Literature Review

A literature review is an integrated analysis-- not just a summary-- of scholarly writings related directly to your research question. That is, it represents the literature that provides background information on your topic and shows a correspondence between those writings and your research question.

Lit reviews can be organized in several ways depending on how you want to present the information: chronological, thematic, or methodological.

For additional help and examples, see the UWF Libraries guide for writing a Literature Review.


As you read the literature, pay attention to the themes that emerge. 
Imagine that each theme is a bucket and every author/source can be put into a bucket.
Remember that a source can be put into more than one bucket.

Don't Do This!

Literature reviews DO NOT just summarize each source within the paper.

Do This Instead!

Integrate your sources!

Make the connections between articles and how they relate to one another and your topic.


For the final paper, you will write a critical review of key literature on a topic of interest (related to sex, gender, or sexuality) using an anthropological frame/perspective. The literature review should be arranged thematically or chronologically, not article by article. Since you’ve already demonstrated that you’ve read all the articles with your annotated bibliographies, it is more important to show that you have identified the dominant arguments and themes that characterize your topic, and can arrange evidence from a number of sources into a clear and compelling narrative.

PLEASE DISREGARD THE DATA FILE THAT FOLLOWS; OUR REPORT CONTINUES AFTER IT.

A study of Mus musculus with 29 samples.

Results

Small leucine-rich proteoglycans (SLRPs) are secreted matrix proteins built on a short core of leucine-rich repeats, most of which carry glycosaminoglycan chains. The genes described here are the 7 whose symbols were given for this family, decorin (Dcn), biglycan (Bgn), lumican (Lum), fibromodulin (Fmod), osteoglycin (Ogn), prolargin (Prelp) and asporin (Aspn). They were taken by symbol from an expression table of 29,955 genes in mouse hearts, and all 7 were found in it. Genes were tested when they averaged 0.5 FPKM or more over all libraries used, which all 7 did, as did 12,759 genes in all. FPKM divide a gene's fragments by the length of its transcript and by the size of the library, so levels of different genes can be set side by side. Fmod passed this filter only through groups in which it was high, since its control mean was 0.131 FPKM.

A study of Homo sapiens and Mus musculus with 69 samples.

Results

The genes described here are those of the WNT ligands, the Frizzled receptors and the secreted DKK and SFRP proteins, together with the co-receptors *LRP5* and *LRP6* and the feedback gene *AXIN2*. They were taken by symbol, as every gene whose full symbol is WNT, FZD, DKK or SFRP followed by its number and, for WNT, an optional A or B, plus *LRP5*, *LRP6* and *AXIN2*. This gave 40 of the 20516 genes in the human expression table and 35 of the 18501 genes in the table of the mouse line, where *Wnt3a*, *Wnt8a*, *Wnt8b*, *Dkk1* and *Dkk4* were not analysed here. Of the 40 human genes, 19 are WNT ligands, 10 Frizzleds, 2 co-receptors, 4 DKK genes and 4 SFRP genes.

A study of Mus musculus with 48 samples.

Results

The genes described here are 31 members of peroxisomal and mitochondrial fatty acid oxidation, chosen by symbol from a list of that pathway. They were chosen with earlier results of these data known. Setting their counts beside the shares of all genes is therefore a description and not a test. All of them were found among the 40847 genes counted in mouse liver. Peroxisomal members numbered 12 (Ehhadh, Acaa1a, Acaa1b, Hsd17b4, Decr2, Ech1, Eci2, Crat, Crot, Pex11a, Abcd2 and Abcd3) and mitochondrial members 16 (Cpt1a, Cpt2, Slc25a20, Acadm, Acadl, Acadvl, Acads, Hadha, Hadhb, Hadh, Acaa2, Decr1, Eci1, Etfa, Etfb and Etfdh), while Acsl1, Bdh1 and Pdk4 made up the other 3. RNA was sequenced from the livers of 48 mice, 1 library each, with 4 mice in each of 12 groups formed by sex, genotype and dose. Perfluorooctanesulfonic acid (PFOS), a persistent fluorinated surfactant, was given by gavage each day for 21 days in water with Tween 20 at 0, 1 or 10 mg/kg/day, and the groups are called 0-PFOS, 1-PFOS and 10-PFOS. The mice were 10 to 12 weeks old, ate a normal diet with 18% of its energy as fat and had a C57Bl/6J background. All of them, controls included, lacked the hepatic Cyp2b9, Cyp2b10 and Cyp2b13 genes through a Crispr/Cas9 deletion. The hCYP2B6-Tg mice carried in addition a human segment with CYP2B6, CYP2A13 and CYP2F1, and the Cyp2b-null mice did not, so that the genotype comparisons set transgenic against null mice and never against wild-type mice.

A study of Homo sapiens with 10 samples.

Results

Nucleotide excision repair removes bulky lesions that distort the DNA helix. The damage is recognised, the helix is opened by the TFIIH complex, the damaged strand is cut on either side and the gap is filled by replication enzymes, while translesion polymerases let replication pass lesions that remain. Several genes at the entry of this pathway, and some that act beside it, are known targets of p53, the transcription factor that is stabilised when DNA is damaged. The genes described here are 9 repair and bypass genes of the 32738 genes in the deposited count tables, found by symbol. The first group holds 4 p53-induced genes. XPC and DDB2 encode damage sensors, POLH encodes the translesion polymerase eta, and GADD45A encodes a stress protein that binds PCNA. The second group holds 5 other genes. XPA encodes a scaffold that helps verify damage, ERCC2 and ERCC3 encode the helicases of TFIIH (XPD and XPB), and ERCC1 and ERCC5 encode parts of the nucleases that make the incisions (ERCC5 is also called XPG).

Critical components:

1. Title

2. Introduction

  • Background and overview of your topic/problem and why it’s important; orientation to the scale and scope of the issue (using statistics, vignettes; etc.)
  • Roadmap paragraph – where is this paper going (“In this paper, I argue...”)

3. Body

  • Principal themes/key threads/cohesive narrative
  • Subheads! Dividing up the body of your lit review into principal themes under subheadings is an effective way to more clearly organize your paper, as well as your thoughts during the write-up process
  • Can include outside information/evidence (informal interviews and casual conversations, examples from your own life, etc) but sparingly, and only to further a narrative thread or argument, not as stand-alone evidence

4. Further research

  • Gaps in the literature that you’ve identified
  • New research questions that have emerged over the course of your research (at least three)

5. Conclusion

  • Clearly and succinctly outline the key themes you’ve discussed
  • Final ‘take home’ points

6. References/Bibliography

  • Using a recognized citation style (see AAA Publishing Guide on eLearning) – including all sources

Criteria: A successful paper will...

…be written clearly and professionally, and obviously proofread and edited (no typos, grammatical errors, etc.)
…identify the principal arguments/themes and provide evidence to support these arguments, clearly linked and appropriately cited
…feature at least 6 or 10 scholarly sources (undergrad and grad, respectively)

The final paper will be 3000-4000 words (approximately 12-15 pages long, not including bibliography).

All papers must be written in 12 point, Times New Roman font with 1” margins all around, double-spaced, and include page numbers.

Students may choose the referencing system they use in their papers, but be consistent and be sure to cite throughout your paper according to the citation guidelines of the system you use.